I was looking for a eye grabbing topic I haven’t written much about, if anything, in the previous 298 issues and the obvious one is sex.

So, having gotten your attention, I’ll move along to noting a few of the things we have either learned or confirmed while listening to clients over the past decade – a few of which may be surprising to some of you.

First, while it will not be a surprise to learn that there is a wide variation in sexual appetites, preferences, and/or experience, it may be news that there are no significant gender based differences.

That’s right. Women are just as apt to complain about sex being too infrequent, too inhibited, and too boring as men.

Men are also as apt to demonstrate complete indifference to sexual activity – and when it comes to avoiding sex completely, men win that dubious distinction – 0 times in a 35 year marriage, for one! Talk about an angry wife.

Besides problems caused by differing preferences, there are also the problems caused by one spouses drinking. Sex with a drunk doesn’t hold much appeal for very long.

Of course some spouses also use their drinking as a passive aggressive way to avoid sex and punish a spouse.

Others, men and women alike, report never having had sex sober and they are terrified as to whether or not they even can, much less like it!


As usual, our standby for many activities is to schedule it. That does reduce the pressure and resentful uncertainty. And it gives couple something to look forward to.

Of course if the two of you are so far apart on the matter, then it’s time to consider what to make of really incompatible differences.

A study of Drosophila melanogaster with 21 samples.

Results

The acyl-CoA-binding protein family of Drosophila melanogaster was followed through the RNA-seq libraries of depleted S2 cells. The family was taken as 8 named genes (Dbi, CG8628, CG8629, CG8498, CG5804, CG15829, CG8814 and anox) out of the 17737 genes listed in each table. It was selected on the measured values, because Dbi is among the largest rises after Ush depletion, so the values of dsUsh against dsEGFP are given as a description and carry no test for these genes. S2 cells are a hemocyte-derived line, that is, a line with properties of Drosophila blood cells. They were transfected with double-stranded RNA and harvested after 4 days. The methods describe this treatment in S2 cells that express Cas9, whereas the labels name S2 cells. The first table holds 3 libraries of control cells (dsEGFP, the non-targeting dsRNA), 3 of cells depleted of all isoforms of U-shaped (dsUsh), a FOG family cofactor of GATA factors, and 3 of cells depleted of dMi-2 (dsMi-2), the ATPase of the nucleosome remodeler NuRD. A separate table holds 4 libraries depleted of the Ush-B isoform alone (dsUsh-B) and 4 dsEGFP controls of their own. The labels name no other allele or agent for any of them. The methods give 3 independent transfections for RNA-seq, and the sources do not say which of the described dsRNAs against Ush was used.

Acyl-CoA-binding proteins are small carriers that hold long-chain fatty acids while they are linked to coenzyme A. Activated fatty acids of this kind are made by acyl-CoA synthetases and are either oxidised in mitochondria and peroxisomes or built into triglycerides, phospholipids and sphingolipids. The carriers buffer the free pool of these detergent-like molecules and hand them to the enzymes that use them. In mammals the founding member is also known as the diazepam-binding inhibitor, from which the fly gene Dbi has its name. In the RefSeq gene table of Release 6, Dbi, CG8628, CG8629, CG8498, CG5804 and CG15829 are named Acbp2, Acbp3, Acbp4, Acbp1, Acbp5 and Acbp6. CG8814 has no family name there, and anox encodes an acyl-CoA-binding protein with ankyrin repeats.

Sometimes it still comes down to having to choose between a lot of unhappy choices. A “cost/benefit” analysis can help, but eventually it will come down to finding a resolution that doesn’t leave either person paying all of the price for the other’s preference.

Again, that’s why we like to work with you as a couple, at least part of the time, so we can help negotiate reasonable compromises, where possible, or verify that no such solution exists. At least then you’ll know that you gave it your best shot.

For more on this, see the next section which refers to some of the common stumbling blocks. Then give us a call and talk about the idiosyncrasies of your particular situation. Maybe we can help with this underlying problem that so often fuels the alcohol abuse.

Is there such a thing as sex after marriage?

Newlyweds are frequently astonished to discover that the wedding ceremony no sooner ended than their sex life did too.

Or it continued, but only until the birth of the child or children.

Or until menopause, or retirement, or…

And again, it’s just as apt to be men who turn off the tap as women.


Some people, apparently, see sex as being appropriate only during certain periods of one’s life or for particular outcomes. Once these stages or ages or accomplishments are achieved sex falls by the wayside.

Yes, this attitude or belief system tends to affect the immature “adult” and many women and men suddenly become aware that they have acquired not a spouse but an overage adolescent.

That’s a problem we see a lot of, with the real adult eventually turning to alcohol in a vain attempt to drink their way down to the immature spouse’s level (alcohol is a “regressant” after all).

But the other spouse is usually also drinking and they end up like people occupying adjacent elevators that never do stop at the same floor.

Now what?

Some spouses learn to manage their “oldest child” while others seek divorce and the search for a partner capable of, and interested in, an equally, mutually, intimate relationship, in every sense of the word.

That option means selecting partners a lot more carefully than we did the first time around. But in these days of increased options the chances are better than they were 10, 20, or 30+ years ago.

Need help navigating choices? That’s mostly what we do around here. Better choices than alcohol abuse. Better choices than unending resentment, anger, and passive-aggression.

No, the choices and the processes aren’t easy or comfortable or predictable – but, then, does your current unsatisfactory life offer anything beyond the “security of familiar miseries?”

Let’s at least consider what else might be possible?